Norway’s education system emphasizes a lot on research-based learning, making it a popular destination for exchange students from across the world. While in the country, your survival will depend on how well you prepared beforehand.
1. Cost of Living
As an international student in Norway, you will need approximately NOK 10,000 on a monthly basis to cater to your day-to-day expenses. On approximate, you will spend the money as follows:
- Food – NOK 15,000
- Housing – NOK 15,000
- Transportation – NOK 3,000
- Books & Supplies – NOK 5,000
- Practical Expenses (clothes, laundry, entertainment etc.) - NOK 12,000
Student life is quite expensive. You need to prepare your finances before you leave for Norway or ask for financial assistance from your school or host institution. Note that the expenses will vary depending on the location of your host institution.
In Norway, there are three official written languages: Bokmal, Nynorsk and Norwegian. Although there is a large number of Norwegians who speak and understand English, you will need to learn one of the three languages to improve your communication when in the country. When learning Bokmal or Nynorsk, you will realize that they are quite similar especially in their written form. The difference between the two is most noticeable in their spoken form; however, Norwegians will often use either language in its written form when they come across a foreigner who is not well conversant with the varied dialects.
3. Health Insurance
Students from the EU/EEA or Switzerland can access health insurance with a European Health Card at the same rate as Norwegian nationals. Alternatively, social security coverage from your home country can help you access medical services. The third option is to register for private insurance preferably with a company that offers its services in Norway. If you are in the country for 3 to 12 months, apply for membership with the Norwegian National Insurance Scheme through your host institution. Note that if you are at a Norwegian institution for 12 months or more, you automatically become insured under the National Insurance Scheme. Additionally, students can access free medical services at health facilities within their institutions.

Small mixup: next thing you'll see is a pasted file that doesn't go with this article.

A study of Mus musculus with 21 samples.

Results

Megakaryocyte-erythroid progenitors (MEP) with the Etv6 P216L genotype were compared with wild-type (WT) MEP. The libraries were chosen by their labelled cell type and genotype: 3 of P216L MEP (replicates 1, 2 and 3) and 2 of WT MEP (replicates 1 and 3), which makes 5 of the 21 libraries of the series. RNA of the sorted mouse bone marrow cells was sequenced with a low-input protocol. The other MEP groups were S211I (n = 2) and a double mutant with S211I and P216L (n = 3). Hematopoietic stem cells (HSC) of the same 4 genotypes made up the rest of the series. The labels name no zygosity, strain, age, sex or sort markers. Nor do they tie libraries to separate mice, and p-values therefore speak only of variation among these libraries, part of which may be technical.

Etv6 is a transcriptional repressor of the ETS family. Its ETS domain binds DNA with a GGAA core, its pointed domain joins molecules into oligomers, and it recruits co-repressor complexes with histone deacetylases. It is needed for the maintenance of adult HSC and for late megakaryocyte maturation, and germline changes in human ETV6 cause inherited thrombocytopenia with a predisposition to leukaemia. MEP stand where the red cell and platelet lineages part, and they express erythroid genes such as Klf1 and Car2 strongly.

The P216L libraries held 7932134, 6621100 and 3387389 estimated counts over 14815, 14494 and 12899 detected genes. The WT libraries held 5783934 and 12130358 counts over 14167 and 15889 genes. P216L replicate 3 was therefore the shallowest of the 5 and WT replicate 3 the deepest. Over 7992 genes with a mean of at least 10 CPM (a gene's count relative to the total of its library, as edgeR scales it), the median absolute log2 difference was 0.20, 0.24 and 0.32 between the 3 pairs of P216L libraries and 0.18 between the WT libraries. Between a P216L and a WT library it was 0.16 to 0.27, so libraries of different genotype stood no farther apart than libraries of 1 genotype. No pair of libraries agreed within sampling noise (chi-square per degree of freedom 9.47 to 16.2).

4. Mobile Phone Services
Most mobile phone service providers offer roaming services that allow you to use your home number while in Norway; however, despite the convenience, the roaming charges may make it impossible to afford the service. To continue enjoying mobile phone services, you can rent a mobile phone from Cello Mobile or RangeRoamer. Alternatively, you can unlock your phone and rent a SIM card on Cellular Abroad or One SIM Card. You can access prepaid or postpaid services depending on your service provider. While in some restaurants and eateries, you can access free WiFi, helping you save on data costs.
While in Norway, there are plenty of cultural events you can attend to experience the Norwegian culture, for example, theater shows and music festivals. Other activities to enjoy while in the country include skiing, hiking and fishing. Alternatively, you can book a cruise and get an otherworldly experience of the country.
See Also: How to Excel as a Student in France
An exchange program is about new experiences and lots of fun. Make the most of your exchange program by making friends with the Norwegians and immersing yourself in their culture.